Catherine Herrold talks about her latest book, Delta Democracy: Pathways to Incremental Civic Revolution in Egypt and Beyond, with Marc Lynch on this week’s podcast. The book uncovers the strategies that Egyptian NGOs have used to advance the aims of the country’s 2011 Arab Spring uprisings.
“What the book argues is that, in fact, many development NGOs and local grant making foundations did promote democracy. But they did so in ways that went unrecognized by the Western democracy promotion establishment and, far more importantly, by successive ruling regimes in Egypt. And they did so, number one, by masking their democracy promotion work…And number two, instead of focusing on the procedural form of democracy, they sought to build substantive democracy through participation, free expression, and rights claiming at grassroots levels,” explains Herrold.
She goes on to say, “these development NGO and foundations really focused on the grassroots and they created spaces for collective action for discussion, for debate, for problem solving…They created spaces for free expression through arts and culture and other means in which citizens could come together and express their views for the future of Egypt. And they coached grassroots communities on their basic human rights as citizens and on claiming those rights from local government officials…”
Herrold argues, “There are three to four primary weaknesses of U.S. democracy assistance. Number one, it focuses almost exclusively on a procedural form of democracy. It seeks to reform national political institutions often in the shape of U.S. democratic institutions which are not necessarily the types of institutions that…might be best in the target country. Number two, it is expressly political. So it’s separate from aid for socioeconomic development or humanitarian assistance. [Number three], it’s also highly technical. Democracy aid produces outputs such as reports trainings et cetera that often fail to result in the desired outcome of democracy…And finally it tends to be elite…It tends to circulate in a relatively elite militia of highly trained, highly educated professionals…”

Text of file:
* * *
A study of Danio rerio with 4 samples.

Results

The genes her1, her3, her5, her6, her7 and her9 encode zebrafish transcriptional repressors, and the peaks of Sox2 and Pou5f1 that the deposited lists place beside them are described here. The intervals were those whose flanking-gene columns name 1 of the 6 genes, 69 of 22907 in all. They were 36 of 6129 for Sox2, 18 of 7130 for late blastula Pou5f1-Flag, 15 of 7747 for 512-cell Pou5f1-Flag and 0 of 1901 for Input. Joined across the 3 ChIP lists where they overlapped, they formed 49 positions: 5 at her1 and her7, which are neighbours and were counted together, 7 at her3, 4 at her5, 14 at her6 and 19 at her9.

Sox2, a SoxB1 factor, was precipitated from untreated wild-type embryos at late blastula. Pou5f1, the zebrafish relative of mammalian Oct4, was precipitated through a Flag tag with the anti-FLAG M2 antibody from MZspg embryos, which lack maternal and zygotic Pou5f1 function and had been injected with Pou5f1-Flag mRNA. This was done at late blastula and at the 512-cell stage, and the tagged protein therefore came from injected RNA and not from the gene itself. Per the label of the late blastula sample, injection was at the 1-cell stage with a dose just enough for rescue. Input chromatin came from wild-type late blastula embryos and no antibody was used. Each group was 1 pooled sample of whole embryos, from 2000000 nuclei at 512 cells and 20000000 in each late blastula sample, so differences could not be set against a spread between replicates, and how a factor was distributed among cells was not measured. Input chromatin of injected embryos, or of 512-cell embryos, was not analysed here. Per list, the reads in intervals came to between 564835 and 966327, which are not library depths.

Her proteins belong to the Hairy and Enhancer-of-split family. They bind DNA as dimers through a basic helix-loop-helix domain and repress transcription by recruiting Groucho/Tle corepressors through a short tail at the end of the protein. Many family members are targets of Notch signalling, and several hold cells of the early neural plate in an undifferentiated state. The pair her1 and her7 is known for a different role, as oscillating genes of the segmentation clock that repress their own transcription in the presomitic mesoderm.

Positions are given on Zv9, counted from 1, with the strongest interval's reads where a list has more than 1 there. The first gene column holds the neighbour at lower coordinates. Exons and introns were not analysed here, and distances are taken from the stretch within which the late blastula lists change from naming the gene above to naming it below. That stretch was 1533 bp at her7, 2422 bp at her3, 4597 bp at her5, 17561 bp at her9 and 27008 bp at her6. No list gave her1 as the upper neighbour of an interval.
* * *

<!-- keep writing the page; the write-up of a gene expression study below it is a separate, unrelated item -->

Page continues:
Catherine Herrold is an Assistant Professor at the Indiana University Lilly Family School of Philanthropy and a Faculty Affiliate of the Indiana University Paul H. O’Neill School of Public and Environmental Affairs. She has also served as a Visiting Scholar at the American University in Cairo (Egypt) and Birzeit University (Palestine). She has conducted fieldwork in Egypt, Palestine, Jordan, Syria, and Qatar.